American and European Options Are Not the Same - Investing Shortcuts

American and European Options Are Not the Same

By January 2, 2019Options
european options

The Major Differences You Need to Know

Today, I’m going to discuss the major difference between the two styles of options, American and European. There are various differences between the two types of options that you need to know about.

Not knowing the difference between the two options styles can cause unnecessary loss to your portfolio which is something that can be easily avoided by understanding a few details about how option expiration and exercise work.

Most U.S. exchange listed stocks and ETF’s are American style options. While the great majority of stock indexes options are European style options. The only exception to that is the OEX or the SP 100 index, which happens to be an American style option.

American style options are settled with shares while European options are settled in dollars, this is a major difference between the two and something you need to keep in mind. The only exception to this is once again the OEX, which cannot be settled in shares, because it’s an index that’s made of numerous stocks.

Another major difference between American and European exercise is timing. American options can be exercised by the buyer any time before the exercise cut off date and time.  The last opportunity to exercise an American style option contract by the option holder (buyer,) is typically at the closing or one hour after the closing on the last trading day. For regular option, it would be the third Friday of each month and for weekly options traders, it would be the specific Friday of each week.

The mechanics of exercise are a bit different for European options and this is something I want to make sure that you understand. European style options cease trading one day earlier than American style options. While American style options cease trading on the third Friday of each month, European style options stop trading one day earlier, on Thursday preceding the third Friday of the month.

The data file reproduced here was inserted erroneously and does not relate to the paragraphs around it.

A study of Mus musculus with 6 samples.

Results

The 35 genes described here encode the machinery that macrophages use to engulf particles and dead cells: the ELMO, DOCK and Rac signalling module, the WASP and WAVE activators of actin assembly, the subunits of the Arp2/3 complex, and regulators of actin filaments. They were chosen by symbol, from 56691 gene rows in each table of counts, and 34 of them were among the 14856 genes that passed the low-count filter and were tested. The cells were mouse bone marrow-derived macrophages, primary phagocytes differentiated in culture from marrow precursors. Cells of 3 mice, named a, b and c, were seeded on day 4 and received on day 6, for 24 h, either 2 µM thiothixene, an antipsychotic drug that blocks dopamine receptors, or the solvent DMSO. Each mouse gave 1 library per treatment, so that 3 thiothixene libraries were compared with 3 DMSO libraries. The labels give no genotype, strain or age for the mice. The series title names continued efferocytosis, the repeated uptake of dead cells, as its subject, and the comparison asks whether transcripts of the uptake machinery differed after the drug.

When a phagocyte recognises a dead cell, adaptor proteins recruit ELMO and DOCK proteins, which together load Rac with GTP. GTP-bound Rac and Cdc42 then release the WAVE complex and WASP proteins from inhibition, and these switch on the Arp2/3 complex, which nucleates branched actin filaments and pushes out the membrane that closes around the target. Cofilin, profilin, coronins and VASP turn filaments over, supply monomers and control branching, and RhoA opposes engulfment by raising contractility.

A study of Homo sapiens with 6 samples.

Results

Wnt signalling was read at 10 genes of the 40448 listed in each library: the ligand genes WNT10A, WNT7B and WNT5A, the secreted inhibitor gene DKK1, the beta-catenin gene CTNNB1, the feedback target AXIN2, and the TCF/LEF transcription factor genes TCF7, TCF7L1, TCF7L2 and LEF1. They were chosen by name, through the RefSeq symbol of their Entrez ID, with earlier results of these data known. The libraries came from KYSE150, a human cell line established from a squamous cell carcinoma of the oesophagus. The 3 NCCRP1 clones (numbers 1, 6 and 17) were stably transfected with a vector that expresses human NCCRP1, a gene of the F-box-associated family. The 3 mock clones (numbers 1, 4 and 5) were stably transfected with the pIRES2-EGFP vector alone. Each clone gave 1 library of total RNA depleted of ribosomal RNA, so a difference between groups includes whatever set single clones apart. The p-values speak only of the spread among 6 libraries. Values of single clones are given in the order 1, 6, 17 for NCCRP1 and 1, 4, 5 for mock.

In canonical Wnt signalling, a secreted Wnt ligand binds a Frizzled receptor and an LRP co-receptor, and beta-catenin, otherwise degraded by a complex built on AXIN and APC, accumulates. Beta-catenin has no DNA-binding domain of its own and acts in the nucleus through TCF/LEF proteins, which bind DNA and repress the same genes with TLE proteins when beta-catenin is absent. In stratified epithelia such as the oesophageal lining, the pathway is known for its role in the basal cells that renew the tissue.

The settlement price is the official closing price for the expiration period, and determines which option is in the money and will be auto exercised. If an option settles in the money by 1 cent or more on expiration date, the odds are very high that the option will in fact be exercised.

The dynamics for exercising options is different between American style options and European style options and is something you need to understand if you want to prevent unnecessary losses to your trading account, especially when trading European style options.

Since the settlement price for European style options is not determined till the opening price on Friday, and the options cease trading Thursday, unforeseen events can occur and can cause the index to open substantially higher or lower than the previous closing price. If you are holding a short position, without off-setting it Thursday before the closing bell, you may find that your option settled in the money, while it closed the day before completely out of the money.

Since no one knows what will happen between the closing on Thursday and the opening on Friday, it’s sometimes best to liquidate your short position and eliminate any chance of settlement risk. Because with European-style options, the settlement price can move either way, which may prove beneficial to some traders and a devastating loss for many others.

Because when the market opens for trading on the morning of the third Friday, there is often a gap – a significant price change from the previous night’s close. This doesn’t happen all the time, but it happens often enough to turn the apparently low-risk idea of holding a position overnight into a large gamble.

In conclusion, If you decide to trade index options, be certain you understand the differences between American- and European-style options. More importantly, to avoid a significant loss, you must understand how the settlement price of European options is determined.

It makes a big difference to how you manage a position, especially when you have a position that includes short options. It’s prudent to stay away from settlement risk by exiting positions that have little more to gain – no later than Thursday, the last day those options can be traded.

Wishing you the best in your trading,

Roger Scott

Roger Scott

Author Roger Scott

Roger Scott is a full-time trader and a successful entrepreneur with over 22 years of experience in the financial markets industry. He is the CEO of Market Geeks – one of the most widely visited site for active traders around the world. He's known for taking highly complex trading ideas and concepts and communicating them with simple explanations and relevant examples. Roger's experience lies in advanced technical analysis, risk control, systematic investing and computerized trading strategies.